Daily Tribune – ‘Correct’ vote count

By The Editorial Board | Daily Tribune

“The software should go through source code reviews and certifications by an international certification entity prior to the elections.

During the late night Friday meeting of the ruling Partido Demokratiko Pilipino, President Rody Duterte said elections will be held next year to debunk the canard being peddled by his usual critics.

In his speech before his partymates, Rody vowed the elections next year to be clean and assured the public votes will be counted correctly.

Counting the votes correctly as Rody wanted will have to mean a review of the government’s contract with Venezuelan automated poll system provider Smartmatic.

The alleged automated fraud that happened in the previous elections and the glitches associated with the vote counting machines (VCM) should not be allowed to happen in next year’s and other future elections.

Rody indicated his determination to make the elections credible.

In his speech, Rody said public interest must be preserved and protected at all costs in the electoral process.

A report in the state of Nevada said the estranged partner of Smartmatic, Dominion Voting Systems, is now under probe for several machine glitches in June primary election.

A Reno Gazette Journal review of public records, according to the Associated Press, found more than 300 reported machine malfunctions across the state.

“The software hiccups contributed to a double-voting snafu that forced officials to call a rare special election in July for the office of Clark County public administrator in Las Vegas,” it noted.

The report said the machine operator blamed human error for many glitches “but post-election reports showed well over 100 hardware malfunctions statewide, ranging from printer jams and frozen screens to power failures.”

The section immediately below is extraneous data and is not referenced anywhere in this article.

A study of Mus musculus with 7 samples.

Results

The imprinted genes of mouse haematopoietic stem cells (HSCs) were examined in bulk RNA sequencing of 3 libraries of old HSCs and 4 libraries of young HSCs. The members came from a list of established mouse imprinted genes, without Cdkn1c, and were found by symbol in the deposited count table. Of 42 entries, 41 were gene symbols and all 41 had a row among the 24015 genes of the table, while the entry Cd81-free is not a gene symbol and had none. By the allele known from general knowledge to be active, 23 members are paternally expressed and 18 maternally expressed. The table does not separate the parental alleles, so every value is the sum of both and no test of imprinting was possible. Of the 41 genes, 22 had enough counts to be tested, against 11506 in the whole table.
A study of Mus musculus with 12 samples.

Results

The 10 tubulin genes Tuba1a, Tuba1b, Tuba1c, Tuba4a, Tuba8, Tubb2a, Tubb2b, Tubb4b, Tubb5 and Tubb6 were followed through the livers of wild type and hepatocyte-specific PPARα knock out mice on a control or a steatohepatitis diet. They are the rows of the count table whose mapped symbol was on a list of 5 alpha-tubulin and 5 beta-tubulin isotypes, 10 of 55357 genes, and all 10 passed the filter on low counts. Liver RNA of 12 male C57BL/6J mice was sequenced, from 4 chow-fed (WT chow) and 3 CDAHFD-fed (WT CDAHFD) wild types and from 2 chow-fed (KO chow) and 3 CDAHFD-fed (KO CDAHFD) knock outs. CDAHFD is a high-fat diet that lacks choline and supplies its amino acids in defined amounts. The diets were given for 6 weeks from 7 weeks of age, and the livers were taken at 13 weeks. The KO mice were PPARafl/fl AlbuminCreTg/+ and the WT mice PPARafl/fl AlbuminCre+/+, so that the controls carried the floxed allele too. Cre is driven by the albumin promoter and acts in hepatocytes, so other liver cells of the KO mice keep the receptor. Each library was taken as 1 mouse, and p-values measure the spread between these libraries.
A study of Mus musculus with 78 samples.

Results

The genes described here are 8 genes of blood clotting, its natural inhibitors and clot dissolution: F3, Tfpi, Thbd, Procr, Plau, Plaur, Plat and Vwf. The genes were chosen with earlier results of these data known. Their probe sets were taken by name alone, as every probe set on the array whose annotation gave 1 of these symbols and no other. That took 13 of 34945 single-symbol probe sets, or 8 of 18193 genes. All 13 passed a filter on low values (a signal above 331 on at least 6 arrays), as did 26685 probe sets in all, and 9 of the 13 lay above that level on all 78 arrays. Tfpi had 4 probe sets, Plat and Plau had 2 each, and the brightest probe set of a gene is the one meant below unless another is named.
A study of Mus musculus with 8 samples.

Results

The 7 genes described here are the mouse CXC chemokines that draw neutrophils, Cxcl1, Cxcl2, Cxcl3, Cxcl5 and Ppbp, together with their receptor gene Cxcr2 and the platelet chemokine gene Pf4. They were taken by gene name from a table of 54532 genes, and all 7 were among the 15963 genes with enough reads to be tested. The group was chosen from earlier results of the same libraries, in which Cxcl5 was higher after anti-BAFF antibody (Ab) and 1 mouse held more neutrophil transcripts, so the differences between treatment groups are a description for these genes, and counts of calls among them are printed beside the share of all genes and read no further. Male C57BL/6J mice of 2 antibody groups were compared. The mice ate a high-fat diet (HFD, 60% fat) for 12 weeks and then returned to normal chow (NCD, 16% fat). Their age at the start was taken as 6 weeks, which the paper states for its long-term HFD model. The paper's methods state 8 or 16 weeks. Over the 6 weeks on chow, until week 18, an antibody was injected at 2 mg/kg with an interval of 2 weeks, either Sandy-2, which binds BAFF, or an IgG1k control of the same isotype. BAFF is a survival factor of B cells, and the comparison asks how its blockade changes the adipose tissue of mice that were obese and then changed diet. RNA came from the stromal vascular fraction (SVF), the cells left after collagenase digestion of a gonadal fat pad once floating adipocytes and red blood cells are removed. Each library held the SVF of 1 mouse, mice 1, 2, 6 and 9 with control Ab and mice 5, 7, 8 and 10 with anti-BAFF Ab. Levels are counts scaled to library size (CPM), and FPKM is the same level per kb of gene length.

“Voters and poll workers in 10 counties, including Washoe and Clark, reported mechanical problems while inserting, removing and using the smart cards needed to load candidate choices and cast ballots,” the report added.

“Counting the votes correctly as Rody wanted will have to mean a review of the government’s contract with Venezuelan automated poll system provider Smartmatic.

The Reno newspaper obtained reports that voters in 11 of Nevada’s 17 counties reported voting machine malfunctions that omitted candidates or presented poll-goers with the wrong ballot.

The report stated voters also complained to poll workers about ballots already filled out at the voting booth and problems with “smart cards” needed to access upgraded voting tablets.

It is startling that the experiences in Nevada were a repeat of what the nation went through in the previous automated polls.

The equipment glitches in the US are significant since the Smartmatic machines the Commission on Elections (Comelec) purchased run with the same software provided by Dominion since the 2010 polls.

Under the Automated Election System Law, the software should go through source code reviews and certifications by an international certification entity prior to the elections. The source codes should also be opened to accredited local groups and organizations.

In the run-up to the 2013 polls, the Smartmatic equipment which were then called Precinct Count Optical Scan (PCOS) machines had the source code review delayed by a legal tussle between Dominion and Smartmatic.

The Comelec finally received the PCOS source code a few days before actual voting, resulting in the review only by representatives of the two dominant political parties and the Parish Pastoral Council for Responsible Voting.

The Comelec is planning to start this month the local source code review for the VCM using the same Smartmatic machines.

The Comelec had acquired the 97,517 VCM units used in the 2016 polls for P2.1 billion and plans to use these for next year’s mid-term elections.

What Rody clearly said was that all votes will be “correctly” counted that may be difficult to fulfill based on the nation’s long experience with the questionable Smartmatic machines.